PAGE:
Ducks know Game 7 history, they just want to play

Just drop the puck already.

The Anaheim Ducks know the history, and don’t really want to talk about it anymore.

In the last four seasons they’ve been eliminated from the playoffs at home in Game 7. Now they face the same win-or-go golf scenario Wednesday night against the Edmonton Oilers.

Only four players remain from the start of the streak in 2013: Ryan Getzlaf, Corey Perry, Cam Fowler and Andrew Cogliano. What was thought to be the key problem for the choking, Bruce Boudreau, is now gone, and replaced by Randy Carlyle.

Carlyle, Getzlaf, and Perry were on hand for the team’s last Game 7 win. It was 2006 in Calgary. The then-Mighty Ducks beat the Flames, 3-0. After sweeping the Colorado Avalanche the next round, Anaheim met up with the Edmonton Oilers in the Western Conference Final. The Oilers beat the Mighty Ducks, only to lose in Game 7 of the Stanley Cup Final. That was the last time the Oilers were in the playoffs.

History would say that both teams have something to prove, but in reality, the most pressure is on the Ducks. Everyone remembers the team that chokes, just ask the San Jose Sharks.

“We’re going to be better than we were in the last game, and that should be very easy for us to take that approach because we couldn’t be any worse in our minds,” said Carlyle. “It doesn’t take rocket science to figure that we’ve got to have a much better start than we did in our last one.”

No [poop].

The Ducks were embarrassed in Edmonton by losing 7-1 in Game 6. In the first period, the team gave up five goals against. John Gibson was pulled after allowing three goals on six shots in over eight minutes.

Getting the first goal – in the first period – would go a long, long way for Anaheim. Not only does it calm the nerves of the players, but it’ll put Honda Center at ease, too. The fans are just as anxious to get this streak over with as the players.

Like all things Ducks, it won’t be easy. Thus far, they’ve been shutout in the first period five of six games against the Oilers.

With Ryan Kesler on Connor McDavid, and for now, Getzlaf attempting to defend ‘Duck Hunter’ Leon Draisaitl, the offense might have to come from someone unexpected.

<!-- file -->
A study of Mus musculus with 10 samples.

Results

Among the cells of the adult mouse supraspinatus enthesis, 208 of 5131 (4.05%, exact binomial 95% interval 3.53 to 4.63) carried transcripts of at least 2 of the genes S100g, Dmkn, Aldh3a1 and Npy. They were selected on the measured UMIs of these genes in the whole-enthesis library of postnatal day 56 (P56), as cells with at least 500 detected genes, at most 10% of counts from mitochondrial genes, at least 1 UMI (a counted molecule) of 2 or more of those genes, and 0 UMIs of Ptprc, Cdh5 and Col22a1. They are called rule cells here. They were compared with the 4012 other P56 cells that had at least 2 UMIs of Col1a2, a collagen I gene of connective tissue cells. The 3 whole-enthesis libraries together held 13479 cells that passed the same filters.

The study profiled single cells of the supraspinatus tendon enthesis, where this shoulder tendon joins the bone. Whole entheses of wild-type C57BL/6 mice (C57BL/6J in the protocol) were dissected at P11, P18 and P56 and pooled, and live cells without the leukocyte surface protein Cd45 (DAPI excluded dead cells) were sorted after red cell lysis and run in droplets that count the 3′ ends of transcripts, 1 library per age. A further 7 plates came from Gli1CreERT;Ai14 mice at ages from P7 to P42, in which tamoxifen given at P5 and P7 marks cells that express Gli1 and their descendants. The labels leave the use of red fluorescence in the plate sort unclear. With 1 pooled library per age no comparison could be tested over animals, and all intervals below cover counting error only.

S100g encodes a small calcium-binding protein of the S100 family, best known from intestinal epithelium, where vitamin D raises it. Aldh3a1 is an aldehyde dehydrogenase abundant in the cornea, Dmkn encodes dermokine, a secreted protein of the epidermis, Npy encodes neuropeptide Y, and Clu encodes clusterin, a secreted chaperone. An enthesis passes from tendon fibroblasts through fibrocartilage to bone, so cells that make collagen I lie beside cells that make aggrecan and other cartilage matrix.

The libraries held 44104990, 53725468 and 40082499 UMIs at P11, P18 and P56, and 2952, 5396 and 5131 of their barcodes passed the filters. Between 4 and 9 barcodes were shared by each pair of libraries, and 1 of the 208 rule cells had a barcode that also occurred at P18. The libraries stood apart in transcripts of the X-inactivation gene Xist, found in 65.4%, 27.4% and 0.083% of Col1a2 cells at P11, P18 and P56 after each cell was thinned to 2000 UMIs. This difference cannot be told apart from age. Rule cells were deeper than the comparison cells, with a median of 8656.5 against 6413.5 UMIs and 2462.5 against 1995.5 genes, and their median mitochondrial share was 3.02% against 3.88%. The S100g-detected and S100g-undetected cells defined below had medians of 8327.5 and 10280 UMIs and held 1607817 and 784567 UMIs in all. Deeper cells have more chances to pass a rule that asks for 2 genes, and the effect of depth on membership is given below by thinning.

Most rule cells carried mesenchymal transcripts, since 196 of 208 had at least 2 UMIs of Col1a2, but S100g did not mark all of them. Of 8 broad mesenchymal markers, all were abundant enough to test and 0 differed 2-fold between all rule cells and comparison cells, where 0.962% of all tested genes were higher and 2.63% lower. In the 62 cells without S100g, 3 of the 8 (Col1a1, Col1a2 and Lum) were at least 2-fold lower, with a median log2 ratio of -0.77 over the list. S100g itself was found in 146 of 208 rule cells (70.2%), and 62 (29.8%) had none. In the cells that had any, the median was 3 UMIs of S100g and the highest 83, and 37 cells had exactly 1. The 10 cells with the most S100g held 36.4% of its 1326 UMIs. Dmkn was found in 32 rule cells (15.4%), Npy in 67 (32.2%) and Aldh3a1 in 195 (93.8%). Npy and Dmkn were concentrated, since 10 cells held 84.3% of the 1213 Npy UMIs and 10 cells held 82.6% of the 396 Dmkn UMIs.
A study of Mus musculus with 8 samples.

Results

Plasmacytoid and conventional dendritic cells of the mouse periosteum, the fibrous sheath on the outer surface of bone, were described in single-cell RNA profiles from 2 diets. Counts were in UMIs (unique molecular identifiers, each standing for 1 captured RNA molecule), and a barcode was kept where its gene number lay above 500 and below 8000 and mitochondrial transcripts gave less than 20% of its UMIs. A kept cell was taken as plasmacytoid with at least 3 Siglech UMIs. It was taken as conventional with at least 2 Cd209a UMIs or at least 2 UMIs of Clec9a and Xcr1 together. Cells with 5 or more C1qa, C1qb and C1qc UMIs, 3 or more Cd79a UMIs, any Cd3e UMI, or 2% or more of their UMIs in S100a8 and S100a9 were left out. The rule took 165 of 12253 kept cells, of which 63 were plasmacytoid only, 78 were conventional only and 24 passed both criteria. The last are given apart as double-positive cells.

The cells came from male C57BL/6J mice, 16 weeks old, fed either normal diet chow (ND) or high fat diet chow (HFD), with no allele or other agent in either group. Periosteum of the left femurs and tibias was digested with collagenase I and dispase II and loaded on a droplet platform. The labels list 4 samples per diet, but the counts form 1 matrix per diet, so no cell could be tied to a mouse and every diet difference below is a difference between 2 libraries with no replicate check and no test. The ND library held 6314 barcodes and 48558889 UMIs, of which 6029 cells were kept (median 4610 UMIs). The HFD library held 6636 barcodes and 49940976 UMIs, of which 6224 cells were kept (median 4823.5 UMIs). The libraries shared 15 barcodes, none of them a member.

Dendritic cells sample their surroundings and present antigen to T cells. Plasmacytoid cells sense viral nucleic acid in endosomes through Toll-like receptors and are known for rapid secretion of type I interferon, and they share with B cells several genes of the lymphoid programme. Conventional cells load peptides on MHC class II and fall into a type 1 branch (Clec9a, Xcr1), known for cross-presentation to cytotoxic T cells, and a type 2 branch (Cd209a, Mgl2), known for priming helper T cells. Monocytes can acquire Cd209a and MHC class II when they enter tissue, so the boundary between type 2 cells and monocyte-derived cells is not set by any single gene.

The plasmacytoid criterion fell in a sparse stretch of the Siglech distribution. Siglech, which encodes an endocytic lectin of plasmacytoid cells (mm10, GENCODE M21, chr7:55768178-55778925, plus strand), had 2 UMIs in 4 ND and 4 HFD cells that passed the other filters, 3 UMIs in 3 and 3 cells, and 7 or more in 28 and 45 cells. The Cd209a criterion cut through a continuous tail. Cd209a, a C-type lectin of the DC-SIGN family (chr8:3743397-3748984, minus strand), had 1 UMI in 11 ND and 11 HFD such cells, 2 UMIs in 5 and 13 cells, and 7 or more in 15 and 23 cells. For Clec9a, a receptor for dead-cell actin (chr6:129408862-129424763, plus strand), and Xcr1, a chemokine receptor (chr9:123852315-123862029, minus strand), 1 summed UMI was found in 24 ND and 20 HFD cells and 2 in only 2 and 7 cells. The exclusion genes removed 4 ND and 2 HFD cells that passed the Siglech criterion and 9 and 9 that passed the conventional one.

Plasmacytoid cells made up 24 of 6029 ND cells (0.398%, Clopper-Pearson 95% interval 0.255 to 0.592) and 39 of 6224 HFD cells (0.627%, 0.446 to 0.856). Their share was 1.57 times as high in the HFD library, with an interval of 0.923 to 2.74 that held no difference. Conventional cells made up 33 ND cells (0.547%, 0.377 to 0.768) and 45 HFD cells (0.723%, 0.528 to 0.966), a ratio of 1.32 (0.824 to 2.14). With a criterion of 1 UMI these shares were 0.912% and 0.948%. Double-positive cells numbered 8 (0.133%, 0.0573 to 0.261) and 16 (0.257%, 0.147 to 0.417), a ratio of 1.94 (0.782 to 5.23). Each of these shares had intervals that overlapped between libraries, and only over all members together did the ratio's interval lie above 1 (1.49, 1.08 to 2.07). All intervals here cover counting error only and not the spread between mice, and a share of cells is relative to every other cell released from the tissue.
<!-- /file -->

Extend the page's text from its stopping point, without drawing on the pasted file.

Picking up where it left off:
Getzlaf, Jakob Silfverberg, and Rickard Rakell have 23 points combined, the rest of the Ducks have 27. Considering all the new faces in the lineup, there’s a good chance it will be someone new.

“In the playoffs, in the pressure situations, there’s always opportunities for somebody to be a hero,” said Carlyle. “Our expectations are we need a team effort and it’s not just dependent on one or two individuals.”

Kevin Bieksa skated with the team this morning; however, he has yet to be cleared by doctors. Carlyle hinted that it could happen before puck drop.

Patrick Eaves and Logan Shawn are doubtful. Forward Ondrej Kase is a game-time decision. Nate Thompson is expected to be in the lineup after taking Tuesday off as a ‘maintenance day.’ The team called Sam Carrick up from San Diego as a just-in-case measure for Thompson.

It’s situations like these that Ducks GM Bob Murray felt his team was better suited in the hands of the ‘proven winner’ in Carlyle.

The complaints of the former coach were that he was flustered when the stakes were high. There were too many snap decisions that left his club second-guessing themselves at the worst possible moment.

“For me, ninety percent of the time I believe that it’s to go status quo,” added Carlyle. “Just don’t change what we’re doing. I believe that is better suited because as soon as you start to change things then there’s this hint of … ‘why, why, why,’ [on the bench].”

“Hopefully [Carlyle] can carry that calm demeanor throughout the game and run the bench the same way he would if it was Game 1,” said Ryan Getzlaf. “You have to be able to deal with the workload in a professional manner, not a manner of reacting to things. It’s a matter of dealing with it the way you wanted to ahead of time.”

Saying all that is way easier than actually doing it.

“It’s about playing hockey,” said Ryan Getzlaf. “At the end of the day, we’re going out on the ice and we have to play better than the team over there, and if we don’t do that we’re going to lose.”

Easy as that, right? Now just drop the puck.